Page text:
Thanks so much to everyone who has posted comments so far. One of the best things about being a "sib," as we brothers and sisters of people with disabilities tend to self-identify, is the amazing community of other sibs out there who so easily and warmly embrace one another.
Finding this support from siblings across the country -- support in all forms, from tearful heart-to-hearts, to fall-on-the-floor laughing conversations, and everything (board games, bar hopping, shopping) in between -- has completely changed my outlook on being a sib and has made me all the more able to see how I can play a positive role in Peter's life.
Growing up, I didn't know anyone else who had a brother or sister with a disability. While I saw that every family had its own particular imperfections, I felt very much alone in ours. The first time I sat around a table with other adult siblings, at a support group here in NYC, it was like coming home. All of us could relate to some aspect of each other's stories. Many of us, in our 20s and 30s, were dealing with similar issues related to our careers, relationships and plans to start families. Almost all of us worried about the future, and the time when we would take over caregiving responsibilities for our siblings, whether they were already in a residential program or still living at home with our parents. As I met more siblings from other states, I realized that all of us were united in the unique -- wonderful, frightening, frustrating, rewarding -- experience of being a sib.
I could go on and on about that, but hopefully some of you have some thoughts on sib bonding that you would like to share. My DREAM is for all of those sibs out there who haven't yet found the warm support of other sibs will, one day, find us. This is a goal of the National Sibling Leadership Network, which I am proud to be part of and which I think is going to change the world (for the better) for all siblings (with and without disabilities). Together we can, indeed!
This post was supposed to be about Christmas, since folks wrote such nice things about spending the holidays with their siblings. Christmas is one of Peter's favorite holidays, and mine. We have many traditions, including watching "A Christmas Carol" and opening our stockings (at the bottom of which is always an orange, in keeping with Italian tradition) first. Like many of us, Peter loves gifts, and this is where other traditions that are uniquely ours come into play. At every gift-giving opportunity I give Peter a round-trip Amtrak ticket to NYC so that he can come and visit. This year, my husband, Tom, added to Peter's next trip by getting Peter tickets to a New York Islanders hockey game. The best part? He got 20 tickets for his entire family and some friends, so that Peter will have a night out with "19 of his closest friends," as he put it in Peter's card. We are all looking forward to the game!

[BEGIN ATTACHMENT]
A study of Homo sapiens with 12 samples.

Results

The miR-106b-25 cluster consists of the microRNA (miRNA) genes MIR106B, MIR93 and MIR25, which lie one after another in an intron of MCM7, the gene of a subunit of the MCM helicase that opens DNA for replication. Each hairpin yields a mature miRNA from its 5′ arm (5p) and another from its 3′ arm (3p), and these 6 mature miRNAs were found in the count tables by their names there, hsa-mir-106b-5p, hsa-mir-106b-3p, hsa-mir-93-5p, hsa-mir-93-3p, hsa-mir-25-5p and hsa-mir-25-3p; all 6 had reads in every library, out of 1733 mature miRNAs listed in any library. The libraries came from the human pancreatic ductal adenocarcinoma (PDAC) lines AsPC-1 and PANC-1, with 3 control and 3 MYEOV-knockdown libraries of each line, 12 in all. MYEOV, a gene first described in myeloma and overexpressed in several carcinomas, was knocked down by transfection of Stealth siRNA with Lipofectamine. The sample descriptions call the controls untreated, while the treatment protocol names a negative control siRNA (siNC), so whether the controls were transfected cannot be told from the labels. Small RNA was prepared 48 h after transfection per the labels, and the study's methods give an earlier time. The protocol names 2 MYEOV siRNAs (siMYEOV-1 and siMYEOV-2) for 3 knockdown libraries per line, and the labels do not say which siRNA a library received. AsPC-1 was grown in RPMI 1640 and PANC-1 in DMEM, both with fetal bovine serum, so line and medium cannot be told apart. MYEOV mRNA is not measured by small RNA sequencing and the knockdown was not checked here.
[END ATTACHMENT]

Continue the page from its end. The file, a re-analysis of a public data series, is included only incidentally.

Peter is one of the most generous people I know, and he always goes above and beyond at Christmas. I am a coffee fan and, one year, knowing that Peter needs to watch his wallet, said that coffee beans would be a lovely gift in response to his question about what I wanted. Well wouldn't you know, that year there were several packages -- all smelling suspiciously wonderful -- under the tree. By the time all was said and done, I had TEN POUNDS of coffee to bring back to New York with me.
This year, I gave Peter my usual lecture about toning it down in the gift department, with some extra emphasis. We are hoping that he will be able to move to New York soon, to a supportive apartment closer to me and Tom. I reminded him that he would soon need to be better about budgeting, and would need to eventually pay rent. He said that he understood completely.
So when on Christmas morning I opened -- I don't even know how many packages there were, but it came to 14.5 pounds -- I was floored! I would have to open a coffee shop.
"Peter," I said, "What on earth? We TALKED about this!"
"I know, Emily," he said, "But next year, if I am living on my own, I may not be able to do this for you, so I wanted to do it now, while I can, to thank you for all you are doing to help me become more independent."
And that was the end of that. It was one of those special moments in which I understood and felt Peter's total, unconditional love. It was the best Christmas present, ever.
Many wishes to everyone for a happy, healthy new year filled with many special moments!
Tuesday, December 30, 2008
Wednesday, December 24, 2008
The holidays seem like a wonderful time to begin this blog for, by and about the siblings of individuals with intellectual and developmental disabilities. For me, the holidays have always been about family, and my brother, Peter, plays an important role in ours. Peter is two years my elder and when I think back to childhood he was my very first friend. Growing up, I knew that my brother was "different," but I did not have the words that I have today -- Fragile X Syndrome -- to describe why. To me, Peter was an idol, pest and constant companion. He was a source of anger, frustration and jealousy, but also relentless support, silly fun, joy and complete camaraderie. He was my big brother, and together we played, fought, laughed, cried and went through a variety of phases as we reached different stages of life. Today, we are both in our 30s and share a very close, sometimes exasperating, unconditionally loving relationship. My hope in starting this blog is to create a place for the siblings of individuals with intellectual and developmental disabilities to share information, resources, support and stories so that they may play a positive role in the lives of their siblings and families -- while enjoying their own lives to the fullest. The holidays are about family. I cannot think of a better time to celebrate siblings and the unique bonds we share.